Monday, December 24, 2012

Teaching Kids How To Be Thankful

December 24 2012,

One of the most important thing to teach little people (anyone under 18) is to thank people.

One year when my nephew was 14, I lectured talked to him about thanking people. Note that his parents have taught him well, I was just reinforcing the topic. The topic was thanking people. I started with the basic. If someone does something nice for him, it was important to thank the person directly. There is no excuse not to call, email, text or write a thank you note to that person. I told him about his other set of cousins who never thanked us for any presents they received.

Over the years, our other set of nieces and nephew never took the time to thank us when we sent them gifts in the mail. We don't know if they received it or not, we are assuming they did. As a result, for the past two years, no presents were sent to them. I know it is spiteful, but why give gifts when there is no appreciation?

Our nephew and niece (his sister) has heeded to my word of wisdom very well. Every little thing we do they make sure they call and thank us for the gifts.

Letters are important, it makes people feel appreciative. I write thank-you notes when someone has done something nice for us. Whether it be the family who gave me three sack full of used baby clothes for our God son Brandon, the lady who heeded to my plea for a metal bed frame, or the gift card that hubby's aunt amd uncle gave us for a housewarming present. It's worth the .39 cents of stamp and a few minutes of my time.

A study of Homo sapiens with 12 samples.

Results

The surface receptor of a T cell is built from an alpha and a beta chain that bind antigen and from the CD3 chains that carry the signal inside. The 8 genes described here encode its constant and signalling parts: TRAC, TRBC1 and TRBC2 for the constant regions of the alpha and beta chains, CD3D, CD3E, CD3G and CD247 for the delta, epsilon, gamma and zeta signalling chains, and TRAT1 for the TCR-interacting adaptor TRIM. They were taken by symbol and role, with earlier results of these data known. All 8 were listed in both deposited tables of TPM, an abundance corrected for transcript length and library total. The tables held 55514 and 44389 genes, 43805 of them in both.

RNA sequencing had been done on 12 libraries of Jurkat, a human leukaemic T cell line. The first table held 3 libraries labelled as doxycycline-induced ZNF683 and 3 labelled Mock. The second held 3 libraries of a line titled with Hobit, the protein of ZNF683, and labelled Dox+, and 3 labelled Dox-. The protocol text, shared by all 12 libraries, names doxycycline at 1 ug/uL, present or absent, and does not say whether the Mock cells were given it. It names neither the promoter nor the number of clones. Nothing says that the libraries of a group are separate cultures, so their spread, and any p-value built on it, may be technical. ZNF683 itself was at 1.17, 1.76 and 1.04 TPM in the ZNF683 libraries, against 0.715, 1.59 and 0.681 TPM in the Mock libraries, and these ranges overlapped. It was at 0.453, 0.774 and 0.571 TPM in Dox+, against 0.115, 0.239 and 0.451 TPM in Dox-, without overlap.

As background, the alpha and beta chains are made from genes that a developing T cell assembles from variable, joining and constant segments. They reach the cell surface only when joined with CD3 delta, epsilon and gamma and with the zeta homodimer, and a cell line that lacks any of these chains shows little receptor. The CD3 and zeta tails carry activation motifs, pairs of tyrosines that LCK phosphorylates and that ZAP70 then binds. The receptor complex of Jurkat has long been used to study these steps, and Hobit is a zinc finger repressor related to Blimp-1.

I know I am no angel, but I do try. Hubby on the other hand does not try, he just can't. He has this thing call ADHD, so he's partially forgiven. So I do most of the writing and thanking, and he signs the card.

In this season of giving and receiving, remember the gifts you have received, and if it came in the mail, do take the time to reach out to the person as an acknowledgement that you received the special gift.

Merry Christmas
Quilt & Bitch


bidtl said...

I have the same issues with my Nieces and Nephews. I have nine of them in four different families. Four of these children are under 7 years of age, but the rest are fully functioning teens. They are all spread across the US, most I only see once or twice a year. In the past twenty years of gifting them I can only remember getting one thank you note from a niece. Ironically she was thanking me for writing paper that I had sent her. My own children seldom write thank you notes, although my eldest will now if prompted. So I cant really complain too much. Sometimes I wonder if they have a sort of sense of entitlement to the birthday and holiday gifts. I have decided that 21 is the cut off age for them all. Unless they are getting married, there will be no more gifts from me.

Quilt+Bitch said...

Hi Tracy,

Thanks for sharing your story. 21 is a generous age. But I don't think I could stop myself from giving something to our niece and nephew until they get a job. In this economy, that may be a while.

"...Have a sort of sense of entitlement..." I like that. That says it all.